5 Things Do-It-Yourself Wills Don't Have

1. Right Bargain

Everybody loves a good bargain. However, it is important to remember the old adage “you get what you pay for.” I would suspect most people would agree that there are just some things you don’t want to buy at a bargain rate. Things that come to mind are brain surgery, brake repair, and parachute folding. Okay, those are the obvious ones, but what about others like risking everything you own and love. Consider these additional services that may be missing to determine if it is the right bargain for you.

2. Special Skills

As an attorney, I would agree that bargains should not be sought with legal services. As numerous Do-It-Yourself wills and trusts can be found online, one should be cautious. Whereas we all may be capable of using the self-checkout counter at the store, drafting wills and advising takes special knowledge and experience. You may find yourself subject to another adage “you don’t know what you don’t know.” If it was as simple as having a computer ask the same questions to every client, then why would anyone become an attorney and “counselor” at law? Counseling a client and developing a tailored estate plan requires more than general questions; it requires conversation.

3. Personal Service

In my practice, I make house calls to clients. I find that those who want a will are either working and cannot take time away from work to spend a couple of hours with an attorney or make a couple of visits to an attorney’s office. There is the other category of clients who are too ill or injured to travel. They may be on oxygen or not feeling well due to chemotherapy treatment. I find it rewarding to be able to provide services to those people who may not otherwise be able to obtain the services they need. When using a do-it-yourself will kit there is likely no attorney to answer questions or explain provisions during the drafting phase or after the will is executed. These are the personal services each client deserves.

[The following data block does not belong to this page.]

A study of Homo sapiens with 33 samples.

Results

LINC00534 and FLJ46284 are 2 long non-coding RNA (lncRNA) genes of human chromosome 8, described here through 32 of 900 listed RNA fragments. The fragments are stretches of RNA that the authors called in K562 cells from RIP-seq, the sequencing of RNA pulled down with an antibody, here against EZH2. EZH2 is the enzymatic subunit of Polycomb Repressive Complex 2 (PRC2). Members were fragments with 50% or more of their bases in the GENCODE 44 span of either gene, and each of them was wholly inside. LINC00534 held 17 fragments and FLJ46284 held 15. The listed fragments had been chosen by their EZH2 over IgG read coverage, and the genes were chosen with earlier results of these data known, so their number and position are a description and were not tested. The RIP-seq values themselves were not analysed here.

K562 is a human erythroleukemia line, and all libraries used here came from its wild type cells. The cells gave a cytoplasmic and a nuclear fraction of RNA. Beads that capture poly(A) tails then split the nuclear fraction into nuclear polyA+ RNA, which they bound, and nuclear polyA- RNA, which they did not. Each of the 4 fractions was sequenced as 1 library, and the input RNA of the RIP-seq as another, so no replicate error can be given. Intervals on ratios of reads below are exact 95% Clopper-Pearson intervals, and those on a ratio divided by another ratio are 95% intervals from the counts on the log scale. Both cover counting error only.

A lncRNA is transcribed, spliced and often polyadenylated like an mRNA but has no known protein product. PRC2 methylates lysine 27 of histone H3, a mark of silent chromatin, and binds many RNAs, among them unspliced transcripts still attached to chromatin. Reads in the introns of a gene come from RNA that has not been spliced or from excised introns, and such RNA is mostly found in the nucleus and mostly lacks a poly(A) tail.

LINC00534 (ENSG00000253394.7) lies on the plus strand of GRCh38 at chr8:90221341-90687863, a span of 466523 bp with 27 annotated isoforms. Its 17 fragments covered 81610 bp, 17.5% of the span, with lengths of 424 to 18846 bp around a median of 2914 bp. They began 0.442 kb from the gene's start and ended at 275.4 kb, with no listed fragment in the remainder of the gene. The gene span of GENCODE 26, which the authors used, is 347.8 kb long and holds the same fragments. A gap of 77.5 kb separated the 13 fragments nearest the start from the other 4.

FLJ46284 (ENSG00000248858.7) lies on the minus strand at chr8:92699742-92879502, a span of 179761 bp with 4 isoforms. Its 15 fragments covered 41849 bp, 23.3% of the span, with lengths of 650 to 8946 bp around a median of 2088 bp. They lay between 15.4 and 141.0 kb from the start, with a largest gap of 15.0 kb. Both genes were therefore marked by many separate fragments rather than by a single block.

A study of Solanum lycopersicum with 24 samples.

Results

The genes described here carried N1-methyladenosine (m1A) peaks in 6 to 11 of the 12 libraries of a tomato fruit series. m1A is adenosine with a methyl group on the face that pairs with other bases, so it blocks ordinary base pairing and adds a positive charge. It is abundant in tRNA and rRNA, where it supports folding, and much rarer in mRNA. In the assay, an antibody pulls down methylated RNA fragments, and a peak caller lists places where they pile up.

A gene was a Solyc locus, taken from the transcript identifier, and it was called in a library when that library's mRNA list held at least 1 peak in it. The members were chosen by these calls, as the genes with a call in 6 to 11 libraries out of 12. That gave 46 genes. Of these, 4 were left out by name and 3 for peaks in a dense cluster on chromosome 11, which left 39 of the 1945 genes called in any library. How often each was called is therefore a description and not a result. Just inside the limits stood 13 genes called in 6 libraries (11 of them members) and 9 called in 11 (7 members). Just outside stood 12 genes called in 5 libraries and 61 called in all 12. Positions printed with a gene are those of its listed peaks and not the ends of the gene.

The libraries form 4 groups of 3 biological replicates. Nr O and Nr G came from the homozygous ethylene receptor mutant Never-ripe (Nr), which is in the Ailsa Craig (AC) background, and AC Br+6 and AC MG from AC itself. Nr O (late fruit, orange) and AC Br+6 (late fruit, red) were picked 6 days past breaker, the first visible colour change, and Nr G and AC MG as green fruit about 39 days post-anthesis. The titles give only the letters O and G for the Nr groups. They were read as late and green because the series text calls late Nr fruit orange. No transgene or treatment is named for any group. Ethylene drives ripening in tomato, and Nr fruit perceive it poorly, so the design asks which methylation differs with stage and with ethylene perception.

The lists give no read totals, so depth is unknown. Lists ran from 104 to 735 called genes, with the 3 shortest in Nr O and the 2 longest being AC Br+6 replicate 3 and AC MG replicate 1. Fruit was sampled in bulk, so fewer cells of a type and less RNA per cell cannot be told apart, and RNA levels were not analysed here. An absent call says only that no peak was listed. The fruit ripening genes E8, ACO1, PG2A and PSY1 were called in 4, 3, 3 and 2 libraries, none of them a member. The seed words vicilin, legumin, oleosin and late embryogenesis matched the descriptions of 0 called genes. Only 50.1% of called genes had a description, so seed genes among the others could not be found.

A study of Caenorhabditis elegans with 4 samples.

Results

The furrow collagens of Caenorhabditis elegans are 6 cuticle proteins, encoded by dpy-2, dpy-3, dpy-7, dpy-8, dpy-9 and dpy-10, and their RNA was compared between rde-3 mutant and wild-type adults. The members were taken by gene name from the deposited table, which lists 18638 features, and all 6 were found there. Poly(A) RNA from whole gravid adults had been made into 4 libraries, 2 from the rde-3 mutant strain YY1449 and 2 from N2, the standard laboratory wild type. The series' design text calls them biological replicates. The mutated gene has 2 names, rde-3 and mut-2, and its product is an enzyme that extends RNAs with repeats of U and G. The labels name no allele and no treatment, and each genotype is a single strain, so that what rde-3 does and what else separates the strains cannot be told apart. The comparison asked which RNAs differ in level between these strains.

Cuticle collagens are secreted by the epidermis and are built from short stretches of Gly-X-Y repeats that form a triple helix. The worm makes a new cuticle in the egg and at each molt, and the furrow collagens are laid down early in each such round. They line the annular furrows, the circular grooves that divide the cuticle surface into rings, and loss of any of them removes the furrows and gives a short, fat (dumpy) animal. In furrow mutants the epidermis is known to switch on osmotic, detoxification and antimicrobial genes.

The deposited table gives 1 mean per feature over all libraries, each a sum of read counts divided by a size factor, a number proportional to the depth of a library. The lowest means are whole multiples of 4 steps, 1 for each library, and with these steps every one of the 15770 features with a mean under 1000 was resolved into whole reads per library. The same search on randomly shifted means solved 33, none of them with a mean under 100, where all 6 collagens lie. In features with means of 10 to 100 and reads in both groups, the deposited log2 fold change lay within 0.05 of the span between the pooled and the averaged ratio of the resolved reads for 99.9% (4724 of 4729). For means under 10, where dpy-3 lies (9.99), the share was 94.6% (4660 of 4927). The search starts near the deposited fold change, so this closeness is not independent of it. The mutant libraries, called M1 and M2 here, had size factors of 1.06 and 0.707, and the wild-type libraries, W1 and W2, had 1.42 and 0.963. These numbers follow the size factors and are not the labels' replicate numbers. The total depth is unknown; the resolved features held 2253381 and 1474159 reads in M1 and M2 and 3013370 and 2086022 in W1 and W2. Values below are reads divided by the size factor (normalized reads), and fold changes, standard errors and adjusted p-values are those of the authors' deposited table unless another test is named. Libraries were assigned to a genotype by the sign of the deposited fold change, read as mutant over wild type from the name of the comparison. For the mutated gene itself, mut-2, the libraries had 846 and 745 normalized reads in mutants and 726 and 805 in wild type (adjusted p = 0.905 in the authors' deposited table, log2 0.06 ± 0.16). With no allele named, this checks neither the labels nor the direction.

4. Overseeing the Entire Process

The clients may look to do-it-yourself will kits for estate planning when they believe it is only option available due to travel restrictions or it could be the bargain price that attracts them. If a person is not careful, they may create a situation in which the will is not drafted to protect their assets as they believed. They also risk not executing the will properly because there is no attorney present or available to walk them through the steps. There is likely no attorney to review the will after it is signed to confirm it is correct.

5. Extra Protection

Some clients are more likely to have their will challenged and should consult an attorney. If the person has had several marriages or has children from a previous relationship or has a “dysfunctional” family, then someone may challenge the will. These scenarios should be discussed with an attorney to ensure the will is drafted to provide the best defense to any challenge. Clients should not be embarrassed about discussing their circumstances with an attorney. An attorney who has been practicing for any amount of time has likely dealt with clients in worse situations than yours. Remember, the attorney is there to protect you.

Conclusion

If you need advice with your estate planning, please give me a call. I offer free consultation and free house calls to those who live within 50 miles of San Antonio. My fees are listed on my website. You can reach me through the contact form on my website www.TexasWillsLawyer.com or email me at hspires@TexasWillsLawyer.com or call me at 210-874-5700.

About Hugh

Hugh Spires, Jr.'s Profile Image
Hugh has been practicing law since 1995. He served 20 years in the Air Force JAG Corps as an attorney, where he provided estate planning for military members, retirees and their dependents. He understands the inconvenience and burden of traveling to an attorney’s office, yet he appreciates the importance of obtaining legal services when you need it.